Ashya King
The parents of Ashya King were seeking proton beam therapy to treat their son's brain tumourHampshire Constabulary

The parents of Ashya King, who suffers from a brain tumour, said they had removed their son from a Southampton hospital because he had not been offered proton beam therapy.

Brett King, 51, and his wife Naghmeh, 45, appeared in a Madrid court after they were arrested on Saturday night in Velez-Malaga, after an international hunt for Ashya.

In a YouTube video, the couple said they had pleaded with doctors at Southampton General Hospital to give their five-year-old son proton therapy.

Currently, the therapy is only used in the UK on some cases of eye cancer, but a Czech proton therapy centre has offered to treat Ashya after hearing of his case.

"The centre is ready to accept Ashya King immediately if the specialists receive proper medical documentation from the UK doctors," said Dr Jiri Kubes, head of proton therapy at the Proton Therapy Center Czech.

How does proton therapy work in treating cancers?

Proton therapy, or proton beam therapy, is a type of particle therapy which uses a beam of protons to irradiate diseased tissue - most often in the treatment of cancer.

Conventional radiotherapy uses high energy X-rays and compared with other types of external beam radiotherapy, the advantage of proton beam therapy is that it is more precise. In proton therapy, the beams stop once they reach their target - rather than carrying on through the body.

During treatment, a charged particle accelerator is used to target the tumour with a beam of protons, which damage the DNA of cancer cells. This either kills them or interrupts their ability to multiply. The surrounding tissue only receives a low dose.

Doctors may use proton therapy alongside standard radiation therapy, surgery or chemotherapy. However, proton therapy costs more than conventional radiation therapy.

What cancers can be treated?

Speaking to IBTimes UK, a spokesperson for the Clatterbridge Cancer Centre NHS Trust said they had treated 163 proton beam patients between 2013 and 2014. The centre's Douglas Cyclotron facility is primarily concerned with treating cancers within the eye, most commonly choroidal melanomas.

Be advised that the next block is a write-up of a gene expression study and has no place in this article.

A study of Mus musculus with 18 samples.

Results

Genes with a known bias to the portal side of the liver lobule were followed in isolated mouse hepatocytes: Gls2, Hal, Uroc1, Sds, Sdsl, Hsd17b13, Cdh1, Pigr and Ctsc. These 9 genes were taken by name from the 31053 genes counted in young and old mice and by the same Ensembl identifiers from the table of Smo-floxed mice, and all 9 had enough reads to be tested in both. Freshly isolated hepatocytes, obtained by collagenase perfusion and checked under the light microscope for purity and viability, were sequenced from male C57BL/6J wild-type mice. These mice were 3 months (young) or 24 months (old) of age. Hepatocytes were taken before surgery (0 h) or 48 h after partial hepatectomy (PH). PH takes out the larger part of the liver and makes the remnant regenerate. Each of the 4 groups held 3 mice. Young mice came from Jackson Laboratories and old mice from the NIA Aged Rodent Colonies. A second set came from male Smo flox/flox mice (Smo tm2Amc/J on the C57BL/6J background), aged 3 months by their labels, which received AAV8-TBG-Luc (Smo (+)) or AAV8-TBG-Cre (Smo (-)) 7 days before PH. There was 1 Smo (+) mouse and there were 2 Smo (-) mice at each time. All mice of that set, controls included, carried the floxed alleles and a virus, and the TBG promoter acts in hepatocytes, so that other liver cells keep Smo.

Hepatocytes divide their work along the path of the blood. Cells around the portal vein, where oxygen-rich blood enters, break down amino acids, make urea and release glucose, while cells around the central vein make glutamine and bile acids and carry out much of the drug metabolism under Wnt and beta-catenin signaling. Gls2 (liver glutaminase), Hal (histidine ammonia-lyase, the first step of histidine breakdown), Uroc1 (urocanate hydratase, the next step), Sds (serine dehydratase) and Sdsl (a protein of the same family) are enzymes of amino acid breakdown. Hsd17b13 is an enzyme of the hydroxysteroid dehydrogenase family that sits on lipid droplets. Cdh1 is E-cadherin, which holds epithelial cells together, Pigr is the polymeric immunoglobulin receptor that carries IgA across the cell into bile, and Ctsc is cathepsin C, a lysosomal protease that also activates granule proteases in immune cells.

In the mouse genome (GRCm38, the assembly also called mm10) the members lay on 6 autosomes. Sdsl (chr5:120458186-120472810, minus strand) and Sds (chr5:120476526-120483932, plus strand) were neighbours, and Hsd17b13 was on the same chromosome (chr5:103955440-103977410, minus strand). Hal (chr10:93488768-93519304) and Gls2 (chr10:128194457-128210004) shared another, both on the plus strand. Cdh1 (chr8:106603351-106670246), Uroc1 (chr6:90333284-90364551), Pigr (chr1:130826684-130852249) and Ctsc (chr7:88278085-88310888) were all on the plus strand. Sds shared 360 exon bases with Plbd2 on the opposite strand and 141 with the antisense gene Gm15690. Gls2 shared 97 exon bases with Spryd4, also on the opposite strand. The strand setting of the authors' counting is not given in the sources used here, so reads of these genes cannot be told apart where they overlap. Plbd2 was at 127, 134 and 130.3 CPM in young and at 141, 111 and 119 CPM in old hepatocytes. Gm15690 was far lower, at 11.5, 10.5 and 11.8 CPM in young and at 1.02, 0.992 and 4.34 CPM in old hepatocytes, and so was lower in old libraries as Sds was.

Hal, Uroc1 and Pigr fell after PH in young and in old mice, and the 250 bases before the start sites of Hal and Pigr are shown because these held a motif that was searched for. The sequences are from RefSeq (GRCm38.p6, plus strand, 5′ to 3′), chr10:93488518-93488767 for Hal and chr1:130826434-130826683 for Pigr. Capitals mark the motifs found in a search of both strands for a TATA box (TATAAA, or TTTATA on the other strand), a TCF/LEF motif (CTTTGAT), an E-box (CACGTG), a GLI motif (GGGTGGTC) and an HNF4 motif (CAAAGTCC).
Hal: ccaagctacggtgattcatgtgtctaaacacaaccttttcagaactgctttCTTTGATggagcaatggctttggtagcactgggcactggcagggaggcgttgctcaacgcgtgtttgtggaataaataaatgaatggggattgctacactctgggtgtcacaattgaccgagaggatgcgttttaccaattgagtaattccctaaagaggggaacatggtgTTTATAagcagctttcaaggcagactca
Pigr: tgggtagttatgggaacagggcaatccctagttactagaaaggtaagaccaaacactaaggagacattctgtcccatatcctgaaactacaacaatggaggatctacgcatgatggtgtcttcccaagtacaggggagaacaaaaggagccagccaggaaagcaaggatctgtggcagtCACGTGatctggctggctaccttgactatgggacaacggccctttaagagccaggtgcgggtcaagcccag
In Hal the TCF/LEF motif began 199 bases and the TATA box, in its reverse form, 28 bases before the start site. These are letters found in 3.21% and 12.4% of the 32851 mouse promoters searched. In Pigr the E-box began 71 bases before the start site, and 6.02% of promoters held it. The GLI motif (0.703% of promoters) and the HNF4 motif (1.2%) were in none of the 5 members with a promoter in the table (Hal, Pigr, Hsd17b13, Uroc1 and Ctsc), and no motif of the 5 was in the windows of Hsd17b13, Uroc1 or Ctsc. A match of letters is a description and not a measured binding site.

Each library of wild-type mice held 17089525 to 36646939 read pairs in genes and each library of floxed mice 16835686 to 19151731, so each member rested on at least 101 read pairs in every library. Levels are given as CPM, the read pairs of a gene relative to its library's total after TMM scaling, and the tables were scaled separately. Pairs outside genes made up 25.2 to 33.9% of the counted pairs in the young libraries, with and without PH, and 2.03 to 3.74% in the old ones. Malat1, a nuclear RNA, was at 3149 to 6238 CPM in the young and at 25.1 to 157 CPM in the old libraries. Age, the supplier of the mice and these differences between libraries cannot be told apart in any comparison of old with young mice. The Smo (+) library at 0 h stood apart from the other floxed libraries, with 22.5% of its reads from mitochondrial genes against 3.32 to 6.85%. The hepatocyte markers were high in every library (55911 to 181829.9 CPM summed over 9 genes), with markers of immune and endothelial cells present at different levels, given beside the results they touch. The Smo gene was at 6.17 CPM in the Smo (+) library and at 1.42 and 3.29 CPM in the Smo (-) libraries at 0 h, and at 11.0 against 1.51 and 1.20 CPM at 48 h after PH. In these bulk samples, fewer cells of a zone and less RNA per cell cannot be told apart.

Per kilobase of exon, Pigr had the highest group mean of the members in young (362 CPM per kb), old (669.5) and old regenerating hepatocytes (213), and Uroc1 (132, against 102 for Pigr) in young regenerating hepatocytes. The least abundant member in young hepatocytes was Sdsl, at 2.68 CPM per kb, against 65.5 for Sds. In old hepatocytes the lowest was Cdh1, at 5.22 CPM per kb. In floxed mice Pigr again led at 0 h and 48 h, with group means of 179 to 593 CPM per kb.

As proton therapy targets a specific part of the patient's body, it is best used to shrink tumours that have no spread to other areas. It is useful for treating tumours next to critically important tissues - such as the optic nerves between the eye and the brain.

It can be used to treat rare cancers of the central nervous system and the eye, as well as head, neck, liver, lung, prostate and spinal cancers.

Are there different types of proton beam therapy?

There are two different types of proton beam therapy: high-energy and low-energy. According to the Clatterbridge Cancer Centre, their beam is low-energy - specifically to treat eye cancers - so it would not be suitable for Ashya as the beams do not travel far enough to treat a brain tumour.

"For that, you need a high-energy proton beam," the centre said. "Facilities offering this kind of proton beam therapy are being developed at University College London Hospital and The Christie [in Manchester] but there is nowhere in the UK that currently has a high-energy proton beam."

Who is suitable for the proton therapy?

Overall, the therapy is only thought to suit around 1% of all cancer patients - the majority of whom are children, according to Cancer Research UK. The NHS has previously paid for children to be flown to the US or Switzerland for the treatment, along with a family member.

NHS England told the Telegraph that between 2008 and 2013, 412 NHS patients were approved for proton beam therapy abroad, including 293 children.

More conventional radiation treatments can be particularly detrimental to children, as their bodies are still developing and they can be more susceptible to the effects of radiation. They are also more at risk of developing a second cancer later in life, due to the exposure.

In August 2013, the government confirmed that £250m would be made available to build two UK proton therapy centres – one at the Christie Hospital in Manchester, the other at UCL Hospital in London.

They are due to open in 2018 and there is also an option to open a third facility in Birmingham in the future. As of August 2013, there were 43 particle therapy facilities in the world and 28% of the facilities are in the US.